It is located inside the original A.J. Bush and Company general store, founded in 1897. Bush's Beans has been in business for 109 years, although it actually started as a tomato cannery. Fruits and vegetables, which were locally grown, were soon added. Yes, beans were some of the early products.
In 1934, the development of pork and beans instantly became one of the most popular products. It later became one of the foods shipped to soldiers overseas during World War II.
As quicker and easier recipes and heat-to-eat foods became the rage, it fit in perfectly with Bush's Beans line of products. The business grew from local to regional to one that is now globally recognized.
George Owenby, the facilities manager, has been with the company for 44 years. He explained some of how the company and process have changed.
"The people haven't changed, but the roads and the automation have changed," he said. "When I first started, it was a lot more hands-on. The beans used to come in 100-pound sacks. Now, they're in 40,000-pound trucks. It's a lot less hands-on."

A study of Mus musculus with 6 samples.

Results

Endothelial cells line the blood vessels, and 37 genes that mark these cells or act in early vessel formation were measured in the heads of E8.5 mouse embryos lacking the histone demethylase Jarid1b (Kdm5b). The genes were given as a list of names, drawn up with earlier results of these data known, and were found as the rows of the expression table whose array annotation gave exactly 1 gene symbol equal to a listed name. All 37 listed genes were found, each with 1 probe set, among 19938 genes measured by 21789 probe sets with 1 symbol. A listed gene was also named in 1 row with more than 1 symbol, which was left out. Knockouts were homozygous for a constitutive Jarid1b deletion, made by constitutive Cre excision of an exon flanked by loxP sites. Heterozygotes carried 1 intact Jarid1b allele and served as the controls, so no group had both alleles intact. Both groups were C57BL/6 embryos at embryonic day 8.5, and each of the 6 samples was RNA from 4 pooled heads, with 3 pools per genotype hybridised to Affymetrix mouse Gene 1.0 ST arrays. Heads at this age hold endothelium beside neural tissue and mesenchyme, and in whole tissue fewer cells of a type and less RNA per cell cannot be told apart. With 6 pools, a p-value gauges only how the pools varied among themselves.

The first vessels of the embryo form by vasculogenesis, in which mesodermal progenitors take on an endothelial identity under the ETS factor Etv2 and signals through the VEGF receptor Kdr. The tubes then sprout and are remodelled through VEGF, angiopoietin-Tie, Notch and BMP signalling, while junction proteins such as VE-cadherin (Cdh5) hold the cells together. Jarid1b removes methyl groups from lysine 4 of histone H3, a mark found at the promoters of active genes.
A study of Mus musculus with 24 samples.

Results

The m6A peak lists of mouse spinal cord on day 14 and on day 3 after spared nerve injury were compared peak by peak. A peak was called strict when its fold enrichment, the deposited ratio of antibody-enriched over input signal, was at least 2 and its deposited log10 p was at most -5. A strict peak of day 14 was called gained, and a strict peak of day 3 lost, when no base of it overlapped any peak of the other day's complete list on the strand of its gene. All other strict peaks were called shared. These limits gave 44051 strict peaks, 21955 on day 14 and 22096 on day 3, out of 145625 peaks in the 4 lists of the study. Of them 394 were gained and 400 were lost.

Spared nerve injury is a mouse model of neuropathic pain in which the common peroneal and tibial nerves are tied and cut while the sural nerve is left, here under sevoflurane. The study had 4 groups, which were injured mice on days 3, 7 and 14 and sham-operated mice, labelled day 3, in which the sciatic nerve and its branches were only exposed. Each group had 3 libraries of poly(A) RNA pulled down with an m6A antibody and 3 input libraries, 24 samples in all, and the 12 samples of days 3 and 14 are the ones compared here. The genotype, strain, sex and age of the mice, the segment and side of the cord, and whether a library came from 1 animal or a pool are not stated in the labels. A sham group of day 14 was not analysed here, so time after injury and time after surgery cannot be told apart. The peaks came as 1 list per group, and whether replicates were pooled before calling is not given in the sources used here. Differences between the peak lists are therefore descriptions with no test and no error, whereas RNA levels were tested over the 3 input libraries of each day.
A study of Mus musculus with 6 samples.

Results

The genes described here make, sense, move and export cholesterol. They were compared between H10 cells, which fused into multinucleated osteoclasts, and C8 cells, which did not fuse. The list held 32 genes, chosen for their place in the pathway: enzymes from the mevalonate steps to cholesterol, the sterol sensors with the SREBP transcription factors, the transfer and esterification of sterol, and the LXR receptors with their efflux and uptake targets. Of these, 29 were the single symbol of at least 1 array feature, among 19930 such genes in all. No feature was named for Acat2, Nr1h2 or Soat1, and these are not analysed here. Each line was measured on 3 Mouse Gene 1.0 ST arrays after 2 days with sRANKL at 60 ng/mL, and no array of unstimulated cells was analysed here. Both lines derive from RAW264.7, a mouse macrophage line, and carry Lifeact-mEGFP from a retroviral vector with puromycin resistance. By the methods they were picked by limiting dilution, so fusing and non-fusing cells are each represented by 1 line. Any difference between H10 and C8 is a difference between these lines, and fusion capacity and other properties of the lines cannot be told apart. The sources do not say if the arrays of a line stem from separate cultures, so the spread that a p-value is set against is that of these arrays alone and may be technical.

One of the biggest changes with the Bush's Beans is the number of flavors available to today's customers. The first baked beans were offered in 1969, developed at the company's Wisconsin facility. The baked beans were offered in different flavors in the 1990s and in 1994, A.J. Bush's grandson, Jay, starred in the company's first national television commercial.
There are now 99 different flavors offered with the product lines reflecting the tastes of New Orleans, Jamaica, other parts of the Caribbean and Latin America, Owenby still is a traditionalist, who likes the product which truly made Bush's Beans a national brand.
"The original Baked is still my favorite," he said. "They don't change a lot."
The visitors center tells the story of the bean from the field through the canning process to the table. But, it also tells about the Bush family and even has some of the archives like the family Bible, a homemade quilt and the original office chair used by A.J. Bush.
Equipment used in the process from an earlier era are also on display. It's a reminder of where they've come from and one reason why Owenby has stayed with the company more than four decades. He sees Bush's, even in these modern times, as a company that remains true to its heritage.
"There's a hospitality, a brotherhood and a family here," he said. "When one person gets sick, we all chip in. You don't find that at many places today."